REDUNDANCY can be the most devastating life experience, especially for the middle-aged. There are the practical considerations: how am I going to pay the rent or mortgage? Are there any jobs I can actually do? Do I need to retrain?
And then there is the emotional impact: the feeling of powerlessness; fear about the future; frustration at the prospect of starting from scratch.
A common response is to wear a brave face and insist to friends and family that this sudden, unwanted career change is a great opportunity. Perhaps you know someone who’s chosen this coping strategy. You’ll know the pathos can be unbearable.
If you’re lucky, your employer will have its own redundancy scheme and you might get enough to tide you over. But if you’re entitled only to statutory redundancy, you can expect half a week’s pay for every year you were under 22, a week’s money for every year you were aged 22-41, and one-and-a-half week’s cash for those years in which you were over 41.
Actually, you might not get that. Statutory redundancy payments are capped at £430 a week and at 20 years’ service. The maximum anyone receives under this scheme, regardless of time served or salary earned, is £12,900. A decent chunk of cash, yes, but hardly the strongest of safety nets.
Ruth Parsons, a career civil servant, was appointed chief executive of Historic Scotland in 2009. What followed was a turbulent 30-month period within the heritage agency.
A survey of Historic Scotland employees in October 2011 uncovered several claims by staff that they had been harassed at work. The wellbeing study of 1,100 staff found 53 reported bullying in some form, five alleged that they were often victimised, and two felt they were continually bullied.
Despite the findings of the survey, there were no formal complaints lodged by staff, and Parsons denied there was discontent within the organisation, and strongly rejected allegations of bullying levelled against her.
In June 2012, Parsons arranged a deal to leave Historic Scotland, and went on to become deputy director of the International Public Policy Institute at Strathclyde University, a position she still holds along with the executive directorship of CyArk, a charity committed to creating an online 3-D library of world heritage sites.
On leaving Historic Scotland, Parsons enjoyed considerably more than the statutory entitlement for departing employees. We now know that Parsons was compensated “for loss of office” to the tune of almost £300,000, or around three times her annual salary. Forget one week’s pay for every year worked. Having worked for Historic Scotland for just two-and-a-half years, Parsons received almost two grand for every week she had been in post.
This payment was authorised – alongside a raft of other civil service redundancy packages totalling £18 million last year – by the Scottish Government. Many of these were mundane enough cases. The total figure covers the departures of 461 staff. But there are some eyebrow-raisers in the mix. Two senior officials left their jobs with packages amounting to more than quarter of a million pounds, while 29 in total received six-figure sums.
Scottish Conservative leader Ruth Davidson raised Parsons’ case with Alex Salmond during First Minister’s Questions on Thursday, when she correctly identified the pay-off as a huge amount and demanded to know why ministers had not taken a personal interest in the arrangement since this was a high-profile case.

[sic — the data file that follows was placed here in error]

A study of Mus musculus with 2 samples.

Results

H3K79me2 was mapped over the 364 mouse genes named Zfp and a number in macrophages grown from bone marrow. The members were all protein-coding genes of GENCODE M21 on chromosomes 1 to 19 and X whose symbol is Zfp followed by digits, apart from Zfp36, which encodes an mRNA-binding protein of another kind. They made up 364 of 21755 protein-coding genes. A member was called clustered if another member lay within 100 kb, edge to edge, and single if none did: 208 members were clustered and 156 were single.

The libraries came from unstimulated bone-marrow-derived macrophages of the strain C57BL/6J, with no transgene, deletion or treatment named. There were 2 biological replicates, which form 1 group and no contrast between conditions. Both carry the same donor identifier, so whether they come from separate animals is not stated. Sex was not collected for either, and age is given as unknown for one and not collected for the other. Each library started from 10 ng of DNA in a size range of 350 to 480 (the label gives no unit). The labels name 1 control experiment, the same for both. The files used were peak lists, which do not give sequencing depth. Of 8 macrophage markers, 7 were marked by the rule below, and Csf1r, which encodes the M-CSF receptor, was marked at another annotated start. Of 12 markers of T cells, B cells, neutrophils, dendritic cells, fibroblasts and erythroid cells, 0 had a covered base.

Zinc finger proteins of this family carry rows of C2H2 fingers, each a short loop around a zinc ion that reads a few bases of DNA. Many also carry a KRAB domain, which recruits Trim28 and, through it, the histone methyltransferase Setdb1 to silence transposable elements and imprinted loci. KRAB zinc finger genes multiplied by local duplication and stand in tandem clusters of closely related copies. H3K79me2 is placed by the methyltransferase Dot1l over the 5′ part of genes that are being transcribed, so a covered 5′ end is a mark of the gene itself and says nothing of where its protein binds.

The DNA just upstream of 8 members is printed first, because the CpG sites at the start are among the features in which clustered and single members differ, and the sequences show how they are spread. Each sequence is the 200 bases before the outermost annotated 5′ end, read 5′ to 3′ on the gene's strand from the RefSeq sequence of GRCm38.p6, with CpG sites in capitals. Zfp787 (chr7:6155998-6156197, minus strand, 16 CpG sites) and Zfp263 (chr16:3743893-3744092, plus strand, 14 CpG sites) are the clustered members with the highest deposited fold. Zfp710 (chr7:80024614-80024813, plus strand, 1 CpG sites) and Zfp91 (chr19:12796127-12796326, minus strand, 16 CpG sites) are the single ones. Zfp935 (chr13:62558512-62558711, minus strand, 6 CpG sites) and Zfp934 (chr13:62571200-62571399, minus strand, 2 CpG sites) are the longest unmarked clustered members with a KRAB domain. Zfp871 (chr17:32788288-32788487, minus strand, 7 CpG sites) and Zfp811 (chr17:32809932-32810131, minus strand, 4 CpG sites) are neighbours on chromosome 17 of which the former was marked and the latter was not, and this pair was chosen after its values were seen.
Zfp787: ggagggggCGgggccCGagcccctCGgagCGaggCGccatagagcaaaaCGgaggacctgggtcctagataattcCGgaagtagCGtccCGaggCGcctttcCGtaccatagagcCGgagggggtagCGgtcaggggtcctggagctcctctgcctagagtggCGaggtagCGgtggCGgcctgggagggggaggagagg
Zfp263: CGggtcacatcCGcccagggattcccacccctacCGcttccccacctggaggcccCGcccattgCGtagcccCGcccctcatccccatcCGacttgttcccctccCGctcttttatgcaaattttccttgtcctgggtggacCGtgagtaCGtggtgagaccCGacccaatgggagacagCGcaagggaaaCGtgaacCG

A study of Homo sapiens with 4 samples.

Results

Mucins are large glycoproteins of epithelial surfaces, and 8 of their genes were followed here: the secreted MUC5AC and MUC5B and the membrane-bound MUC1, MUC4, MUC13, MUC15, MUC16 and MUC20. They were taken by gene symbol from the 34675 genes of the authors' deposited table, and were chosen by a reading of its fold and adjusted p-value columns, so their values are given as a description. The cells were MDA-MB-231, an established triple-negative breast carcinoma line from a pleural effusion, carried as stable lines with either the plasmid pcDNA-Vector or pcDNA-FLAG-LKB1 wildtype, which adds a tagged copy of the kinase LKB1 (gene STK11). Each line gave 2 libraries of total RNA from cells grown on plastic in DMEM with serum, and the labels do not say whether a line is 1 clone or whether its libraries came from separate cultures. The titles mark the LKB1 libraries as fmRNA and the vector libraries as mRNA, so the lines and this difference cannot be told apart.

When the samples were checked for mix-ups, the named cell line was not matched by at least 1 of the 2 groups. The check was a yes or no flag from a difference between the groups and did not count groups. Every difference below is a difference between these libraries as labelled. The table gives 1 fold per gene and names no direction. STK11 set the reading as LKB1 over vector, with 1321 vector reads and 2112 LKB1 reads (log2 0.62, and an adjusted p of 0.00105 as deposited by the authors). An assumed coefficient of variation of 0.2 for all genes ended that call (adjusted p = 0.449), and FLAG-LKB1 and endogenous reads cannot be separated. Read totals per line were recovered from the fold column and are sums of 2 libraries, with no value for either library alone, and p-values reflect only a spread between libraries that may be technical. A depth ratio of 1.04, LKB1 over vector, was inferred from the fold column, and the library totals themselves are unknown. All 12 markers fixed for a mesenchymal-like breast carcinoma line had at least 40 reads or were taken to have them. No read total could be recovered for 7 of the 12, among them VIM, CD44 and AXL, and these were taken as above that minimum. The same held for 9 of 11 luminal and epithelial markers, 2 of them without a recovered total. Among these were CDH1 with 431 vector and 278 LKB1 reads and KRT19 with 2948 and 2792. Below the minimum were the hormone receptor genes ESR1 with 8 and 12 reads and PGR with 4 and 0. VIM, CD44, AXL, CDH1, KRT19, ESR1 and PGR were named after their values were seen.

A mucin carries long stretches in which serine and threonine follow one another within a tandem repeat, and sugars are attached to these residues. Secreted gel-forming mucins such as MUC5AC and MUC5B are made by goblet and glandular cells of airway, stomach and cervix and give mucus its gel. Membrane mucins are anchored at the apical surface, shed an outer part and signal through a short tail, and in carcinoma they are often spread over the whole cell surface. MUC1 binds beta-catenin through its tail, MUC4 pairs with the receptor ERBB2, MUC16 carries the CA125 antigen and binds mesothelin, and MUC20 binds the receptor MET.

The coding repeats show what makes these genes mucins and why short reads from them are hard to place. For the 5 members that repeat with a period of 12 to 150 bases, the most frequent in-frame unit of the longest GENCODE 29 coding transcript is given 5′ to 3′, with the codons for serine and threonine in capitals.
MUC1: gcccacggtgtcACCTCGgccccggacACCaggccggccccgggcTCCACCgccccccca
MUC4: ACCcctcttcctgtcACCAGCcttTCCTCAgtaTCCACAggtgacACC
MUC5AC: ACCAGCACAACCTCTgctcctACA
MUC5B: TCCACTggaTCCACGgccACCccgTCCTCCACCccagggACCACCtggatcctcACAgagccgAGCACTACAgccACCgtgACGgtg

Since Scottish taxpayers were footing the bill for this “golden goodbye”, it was incumbent upon the First Minister to tell us who was responsible for signing it off. It was hard to believe, said Davidson, that such a lucrative package could have been handed over without a minister’s say-so..
It’s true the Scottish Government’s guidelines suggest ministerial clearance might have been sought in this case, though the unhelpfully vague wording of the advice to ministers – that this should be done “as and when appropriate” – lets Salmond and colleagues off the hook. Salmond was clear that it would not have been appropriate for ministers to intervene in Parsons’ case. We must take him at his word. But Davidson’s questions in the Holyrood debating chamber were not about changing anything, about getting the money back. Hers was an attempt to make the First Minister appear blasé about public finances at a time when cuts have hit the services upon which we depend.
It’s not, however, Salmond’s fault that Parsons received such a thwacking great pay-off – along with pension contributions that will give her a further £100,000 lump sum and £35,000-a-year upon retirement – but rather it’s the fault of the terms and conditions of civil service employees.
We might be interested (after all, who doesn’t like a gossip?) in the details of how and why it was decided that Parsons should depart from Historic Scotland but we have no right to. Confidentiality in these matters must be available to every employee, even if we don’t much like the look of the deal as struck.
But we are entitled to ask questions about whether civil service contracts should include vastly inflated pension schemes, funded by taxpayers, and lump sums which, in some cases, would comfortably buy a house.
Why should it be that private sector workers have no more protection than that offered by the statutory redundancy scheme while the civil servants who drafted that legislation have so much more, including the common practice of turning redundancy into early retirement, ensuring fat pensions are paid out immediately?
Davidson affected to want more detail about the Ruth Parsons case in order to embarrass Salmond. More useful to the rest of us would be a serious examination by politicians of whether it’s sustainable – or fair – for senior civil servants to enjoy such colossal financial perks at all.